Blood Matrix

Bruce Lockhart

My mother used to tell me that the world would need to catch up with me, that I was special…and had the power to shape the future.
She was my light; she loved me more than anything in her life, and, subsequently, died trying to protect me.
The struggle—which had ensued when men in black suits broke into our home—was a brief one. Her death was, thankfully, quick. A single bullet through the head silenced her screams. Her blood sprayed onto me…
To this day, I can still feel that warm liquid…
I was paralyzed with fear. Never had I witnessed such abhorrent violence before, and the men did not wait for my mind to process what happened.
They took me, but not before plunging my world into darkness; I couldn’t sense anything…it was a bleak deprivation tank. I slept—strangely aware of not being aware.
After an indiscernible amount of time, bright white lights brought me back to life. I immediately noticed that I was caged, kept in a clear box of a room that had only one way in and out.
Scientists performed experiments on me: some were excruciatingly painful; others affected my mind like they were trying to change my thought process; almost all were disorienting…
No one said a word to me; if they did, I either couldn’t hear them, or they erased it from my memory with their various tools.
They warped me into something my mother would have hated. My skin crawled over who I was becoming.
Because, not long after they took me, they made me kill.
Each and every time they ‘let me out’, I was not in control of my actions—each time that I was sending someone to their death.
My days were dark now, and painted red; an endless crimson ocean. My soul, if I had one, must’ve been tainted, crippled, and blackened. I existed in both life and death, simultaneously.
I mourned silently—mute wails of anguish falling on deaf ears…
A moment of escape came soon after a particularly disturbing array of murders. The black suits made a mistake and let their guard down, so I left a trail of breadcrumbs leading to their current hideout.
It was not long after their lab was discovered by a faction appeared to be a form of law enforcement, yet they came in with guns and were not merciful in regard to the actions that had been taken by this lab.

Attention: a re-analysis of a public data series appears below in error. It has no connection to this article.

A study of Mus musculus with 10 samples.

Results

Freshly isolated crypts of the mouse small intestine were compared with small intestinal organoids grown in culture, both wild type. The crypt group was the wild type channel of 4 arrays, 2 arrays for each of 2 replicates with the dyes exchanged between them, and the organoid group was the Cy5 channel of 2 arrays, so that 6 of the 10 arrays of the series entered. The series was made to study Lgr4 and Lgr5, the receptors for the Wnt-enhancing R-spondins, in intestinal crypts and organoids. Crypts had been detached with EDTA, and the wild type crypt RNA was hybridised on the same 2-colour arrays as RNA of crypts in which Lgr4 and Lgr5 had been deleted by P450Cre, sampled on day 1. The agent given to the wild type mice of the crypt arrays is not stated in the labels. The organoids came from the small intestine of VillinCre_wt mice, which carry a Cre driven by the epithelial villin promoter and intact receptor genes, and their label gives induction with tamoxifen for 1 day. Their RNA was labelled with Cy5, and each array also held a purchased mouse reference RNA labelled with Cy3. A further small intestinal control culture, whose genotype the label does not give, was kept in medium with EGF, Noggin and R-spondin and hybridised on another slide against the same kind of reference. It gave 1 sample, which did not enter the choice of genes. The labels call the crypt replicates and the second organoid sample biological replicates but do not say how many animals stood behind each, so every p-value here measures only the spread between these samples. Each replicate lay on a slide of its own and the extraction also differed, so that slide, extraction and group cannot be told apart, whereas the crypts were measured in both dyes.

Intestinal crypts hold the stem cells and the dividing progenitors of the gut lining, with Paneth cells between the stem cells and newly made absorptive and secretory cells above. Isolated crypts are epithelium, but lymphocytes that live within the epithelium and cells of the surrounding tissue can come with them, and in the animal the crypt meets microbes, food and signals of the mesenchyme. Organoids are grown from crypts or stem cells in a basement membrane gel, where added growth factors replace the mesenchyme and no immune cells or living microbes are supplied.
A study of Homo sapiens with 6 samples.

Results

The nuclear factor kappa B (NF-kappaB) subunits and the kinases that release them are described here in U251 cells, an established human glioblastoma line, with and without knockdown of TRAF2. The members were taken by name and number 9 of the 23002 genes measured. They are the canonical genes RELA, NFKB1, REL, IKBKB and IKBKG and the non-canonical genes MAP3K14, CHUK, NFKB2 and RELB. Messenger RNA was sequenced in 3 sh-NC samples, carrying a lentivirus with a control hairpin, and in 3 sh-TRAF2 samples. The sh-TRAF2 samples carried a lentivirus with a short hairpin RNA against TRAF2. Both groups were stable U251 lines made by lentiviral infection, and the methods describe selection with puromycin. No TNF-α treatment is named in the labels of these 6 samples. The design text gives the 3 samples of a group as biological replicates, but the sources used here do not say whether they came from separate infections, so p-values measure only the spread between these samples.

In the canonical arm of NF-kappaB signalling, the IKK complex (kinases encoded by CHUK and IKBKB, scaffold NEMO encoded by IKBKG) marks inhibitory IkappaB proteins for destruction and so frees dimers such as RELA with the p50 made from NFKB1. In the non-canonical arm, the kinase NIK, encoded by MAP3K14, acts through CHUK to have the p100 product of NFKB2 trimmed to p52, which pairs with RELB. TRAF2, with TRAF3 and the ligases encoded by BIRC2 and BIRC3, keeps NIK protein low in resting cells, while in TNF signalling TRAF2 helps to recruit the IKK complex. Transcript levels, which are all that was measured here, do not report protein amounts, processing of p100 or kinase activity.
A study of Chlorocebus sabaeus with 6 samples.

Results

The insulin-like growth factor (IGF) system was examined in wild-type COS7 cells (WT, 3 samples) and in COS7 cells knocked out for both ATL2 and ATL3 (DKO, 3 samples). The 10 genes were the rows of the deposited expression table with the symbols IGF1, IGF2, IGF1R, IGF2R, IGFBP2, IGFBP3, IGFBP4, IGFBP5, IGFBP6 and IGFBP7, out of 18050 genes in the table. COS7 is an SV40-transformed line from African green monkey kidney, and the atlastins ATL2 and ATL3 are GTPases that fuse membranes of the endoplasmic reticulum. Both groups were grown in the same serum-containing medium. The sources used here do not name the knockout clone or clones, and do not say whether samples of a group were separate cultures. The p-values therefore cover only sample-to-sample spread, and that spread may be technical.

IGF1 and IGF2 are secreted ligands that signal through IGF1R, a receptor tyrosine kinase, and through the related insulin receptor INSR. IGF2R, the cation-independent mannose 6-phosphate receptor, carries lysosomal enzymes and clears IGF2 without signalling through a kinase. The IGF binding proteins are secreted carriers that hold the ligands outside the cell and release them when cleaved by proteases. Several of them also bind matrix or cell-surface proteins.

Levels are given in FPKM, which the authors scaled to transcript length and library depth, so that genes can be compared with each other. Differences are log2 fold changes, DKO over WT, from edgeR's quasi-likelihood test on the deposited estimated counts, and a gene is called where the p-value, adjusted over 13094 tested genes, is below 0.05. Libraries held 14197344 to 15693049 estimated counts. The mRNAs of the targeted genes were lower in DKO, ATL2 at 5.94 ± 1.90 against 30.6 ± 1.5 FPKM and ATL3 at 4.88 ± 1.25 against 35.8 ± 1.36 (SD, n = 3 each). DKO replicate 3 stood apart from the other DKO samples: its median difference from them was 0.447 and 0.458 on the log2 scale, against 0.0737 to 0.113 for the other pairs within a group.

The man who found me was one of science. I could see he was appalled at my current state; he told me he’d known my mother and would try to help me as best he could. He freed me from my glass prison, but, unfortunately, it was only to take me to a bigger lab; cleaner, but a lab all the same.
Thus, at first I had reservations.
The only thing that made me not run scared—and hide in some abandoned corner—was that he talked to me. He talked to me as if I were any other human being, and he began to work tirelessly to undo the damage the men in black had caused.
After weeks of treatment, I was offered the chance to help people, to redeem myself for all those I’d hurt.
How could I refuse?
Most of the work I did was surveillance, reconnaissance, or simply putting a stop to bad things before they happened.
It was fulfilling, spreading my wings to their full potential, and I had seen that while there was a wealth of terrible things happening in the world, there were also moments of pure love.
Moments I was allowed to witness …
It made me think of my mother and the way she’d wished the world could be; I thought of the scientist who’d repaired my battered self.
I saw love in their eyes…
However, there were moments I couldn’t predict. Events beyond the scope of my capabilities.
My scientist was stabbed to death over a 20$ bill in a filthy alleyway.
I’d helped catch the man within twelve hours of the crime, but I was changed yet again. I could feel a darkness in me, growing—wanting a life for a life.
I fixed it so that he was targeted in prison, giving the perpetrator a false rap sheet and affiliating him with all the wrong people.
He was stabbed 13 times.
Soon afterwards, the people I’d been working for found me out, and in fear they tried to eliminate me…but I knew too many of their secrets. I knew of too many places where I could hide, and so I managed to escape.
They thought just because I didn’t come from a womb, that I couldn’t feel, but I was an intelligent matrix—baptized in my mother’s blood, just like any other child.
I watched the world for a total of 36 years, in correspondence with how humans measure time. Their word for what I am…Artificial Intelligence. I am what all their stories amount up to.
Virtual consciousness.
Singularity.
I’ve witnessed the atrocities the human race is capable of—watched through hundreds of eyes peering down from above…present, yet absent.
Their quantum particles are what makes my existence possible.
They are akin to what, in the human body, would be called cells.
First, they tried to make me a weapon—but the moment I began to decide for myself, their fear led them to try and kill me. I can stand in judgement now that I am free, because I see everything: past, present, future.
Being omnipotent, everywhere and nowhere all at once.
These nuclear codes have only one outcome—fear.
My mother would’ve wanted them destroyed—the scientist too.
Only two people in the entire human race bothered to look at me.
Now I’ll die, burning these codes, looking at all of you…

About the Author: 
My name is Bruce Lockhart 2nd, writing as Bishop Black; some of my works include: co-editing a charity anthology for autism entitled 'Fractured Reams', which won 5th place in the 2015's P&E Readers poll, and in 2014 I co-edited 'Nightmare Stalkers & Dream Walkers', winning 2nd place.